Dare to switch?
Since its launch in 2013, the Current Account Switch Service (CASS) has seen limited success.
While it has been praised for its operations, not many consumers seem to take up the option. Are customers switching as much as banks fear? Or is this an unsubstantiated fear?
According to a report from Bacs, the Current Account Switch Service Annual Report 2016, there have been 3.5 million successful switches since 2013, including over 75,000 small business accounts.
In addition, the service reports a success rate of 99.5%.
Changing current accounts can be of great benefit to consumers. In 2006, the average consumer could have saved £56 a year by switching to the best value current account. By 2016, this value had more than doubled to £116.
However, current accounts, in terms of revenue, are becoming less of a fruitful provider for banks. Over the last eight years, bank revenue from personal current accounts has fallen by 17%.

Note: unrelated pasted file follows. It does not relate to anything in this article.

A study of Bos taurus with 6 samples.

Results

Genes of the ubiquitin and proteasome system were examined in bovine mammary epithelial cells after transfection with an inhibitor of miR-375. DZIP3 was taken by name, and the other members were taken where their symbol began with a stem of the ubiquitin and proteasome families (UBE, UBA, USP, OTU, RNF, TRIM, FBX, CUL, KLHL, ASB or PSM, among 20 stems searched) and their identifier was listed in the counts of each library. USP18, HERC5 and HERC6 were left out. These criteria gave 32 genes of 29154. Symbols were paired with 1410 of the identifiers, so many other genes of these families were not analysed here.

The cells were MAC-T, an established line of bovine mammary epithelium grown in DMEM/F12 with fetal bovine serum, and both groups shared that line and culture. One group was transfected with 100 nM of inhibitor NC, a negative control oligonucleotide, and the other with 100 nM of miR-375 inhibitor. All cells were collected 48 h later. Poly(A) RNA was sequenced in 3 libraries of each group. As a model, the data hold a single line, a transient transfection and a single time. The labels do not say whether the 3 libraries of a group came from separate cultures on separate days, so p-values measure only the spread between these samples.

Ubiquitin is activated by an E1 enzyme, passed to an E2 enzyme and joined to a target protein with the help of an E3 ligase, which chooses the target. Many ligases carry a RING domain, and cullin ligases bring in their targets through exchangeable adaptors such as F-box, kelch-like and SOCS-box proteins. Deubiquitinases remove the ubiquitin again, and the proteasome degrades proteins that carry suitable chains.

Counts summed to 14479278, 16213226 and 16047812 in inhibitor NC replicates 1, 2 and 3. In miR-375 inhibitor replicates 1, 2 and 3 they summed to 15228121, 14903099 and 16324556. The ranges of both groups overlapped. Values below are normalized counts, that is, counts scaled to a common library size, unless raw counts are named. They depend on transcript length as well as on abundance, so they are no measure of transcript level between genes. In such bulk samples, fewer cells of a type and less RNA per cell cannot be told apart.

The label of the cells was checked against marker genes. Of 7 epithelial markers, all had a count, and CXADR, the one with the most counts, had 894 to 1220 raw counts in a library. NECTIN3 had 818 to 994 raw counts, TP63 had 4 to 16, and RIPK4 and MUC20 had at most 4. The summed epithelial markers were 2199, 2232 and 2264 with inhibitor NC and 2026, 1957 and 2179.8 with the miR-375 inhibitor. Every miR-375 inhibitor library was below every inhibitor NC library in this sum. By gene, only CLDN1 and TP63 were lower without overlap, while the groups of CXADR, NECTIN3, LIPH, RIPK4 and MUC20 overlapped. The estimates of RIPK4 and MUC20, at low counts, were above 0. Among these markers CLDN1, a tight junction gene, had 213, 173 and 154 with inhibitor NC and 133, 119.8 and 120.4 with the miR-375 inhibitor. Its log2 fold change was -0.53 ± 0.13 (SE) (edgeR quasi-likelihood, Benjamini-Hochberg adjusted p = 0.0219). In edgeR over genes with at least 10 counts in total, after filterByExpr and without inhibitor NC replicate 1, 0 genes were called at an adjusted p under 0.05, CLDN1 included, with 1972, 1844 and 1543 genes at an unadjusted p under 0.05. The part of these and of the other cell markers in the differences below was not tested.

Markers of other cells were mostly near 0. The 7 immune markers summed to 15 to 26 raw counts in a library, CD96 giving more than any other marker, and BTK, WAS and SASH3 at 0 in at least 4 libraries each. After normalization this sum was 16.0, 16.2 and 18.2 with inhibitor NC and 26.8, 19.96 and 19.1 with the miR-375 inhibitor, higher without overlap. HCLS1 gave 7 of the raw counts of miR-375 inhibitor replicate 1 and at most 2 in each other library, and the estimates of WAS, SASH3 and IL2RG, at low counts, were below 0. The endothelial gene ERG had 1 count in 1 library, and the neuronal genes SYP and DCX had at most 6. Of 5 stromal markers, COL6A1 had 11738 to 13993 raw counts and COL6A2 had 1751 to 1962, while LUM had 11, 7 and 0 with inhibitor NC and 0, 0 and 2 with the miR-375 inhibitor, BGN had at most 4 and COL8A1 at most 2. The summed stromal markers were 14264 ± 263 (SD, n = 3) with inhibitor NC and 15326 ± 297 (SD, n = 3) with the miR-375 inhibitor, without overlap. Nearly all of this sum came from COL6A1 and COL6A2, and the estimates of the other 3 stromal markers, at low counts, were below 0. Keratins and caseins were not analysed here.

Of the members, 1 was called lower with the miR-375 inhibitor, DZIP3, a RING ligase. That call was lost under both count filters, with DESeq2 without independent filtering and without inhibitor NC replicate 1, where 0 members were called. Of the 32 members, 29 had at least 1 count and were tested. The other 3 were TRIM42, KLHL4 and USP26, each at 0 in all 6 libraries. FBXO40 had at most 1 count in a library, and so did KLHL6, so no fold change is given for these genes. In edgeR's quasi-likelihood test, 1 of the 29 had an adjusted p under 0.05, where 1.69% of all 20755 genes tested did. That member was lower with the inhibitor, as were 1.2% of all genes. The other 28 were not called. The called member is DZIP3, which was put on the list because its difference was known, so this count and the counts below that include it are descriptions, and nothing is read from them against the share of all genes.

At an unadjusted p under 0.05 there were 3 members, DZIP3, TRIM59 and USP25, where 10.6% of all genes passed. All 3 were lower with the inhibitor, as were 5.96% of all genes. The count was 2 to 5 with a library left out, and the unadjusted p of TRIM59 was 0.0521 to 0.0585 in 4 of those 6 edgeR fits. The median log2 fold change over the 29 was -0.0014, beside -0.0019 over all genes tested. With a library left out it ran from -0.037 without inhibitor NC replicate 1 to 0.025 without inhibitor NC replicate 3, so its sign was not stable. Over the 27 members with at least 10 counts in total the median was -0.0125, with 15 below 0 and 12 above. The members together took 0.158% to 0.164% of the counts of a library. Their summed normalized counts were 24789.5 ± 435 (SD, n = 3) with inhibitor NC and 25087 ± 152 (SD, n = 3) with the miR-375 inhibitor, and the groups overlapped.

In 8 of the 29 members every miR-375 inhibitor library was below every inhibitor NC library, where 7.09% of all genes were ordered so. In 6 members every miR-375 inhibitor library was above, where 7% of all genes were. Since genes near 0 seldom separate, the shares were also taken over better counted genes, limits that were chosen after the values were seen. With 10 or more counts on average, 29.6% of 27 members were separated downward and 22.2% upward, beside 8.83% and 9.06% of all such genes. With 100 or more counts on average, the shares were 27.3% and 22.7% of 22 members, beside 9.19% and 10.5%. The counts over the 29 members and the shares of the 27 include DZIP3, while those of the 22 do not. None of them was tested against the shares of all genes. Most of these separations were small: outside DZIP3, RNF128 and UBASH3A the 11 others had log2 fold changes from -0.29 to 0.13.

Bacs believed that the reason for customers not switching as much as they could is due to the ‘stick’ nature of the market. Customers typically stay with their bank with a reasonable amount of time. Current accounts have become ‘forever accounts’.
While the report states that consumers could save money by switching, it certainly doesn’t feel that way. Interest rates across current accounts in the UK are largely similar, if even there. People are now considering customer service and innovation to be the differentiators between banks, which creates an opportunity for new players to attempt to gain market share.
One thing is for sure: if you want customers to switch, you need to give them something worth switching for.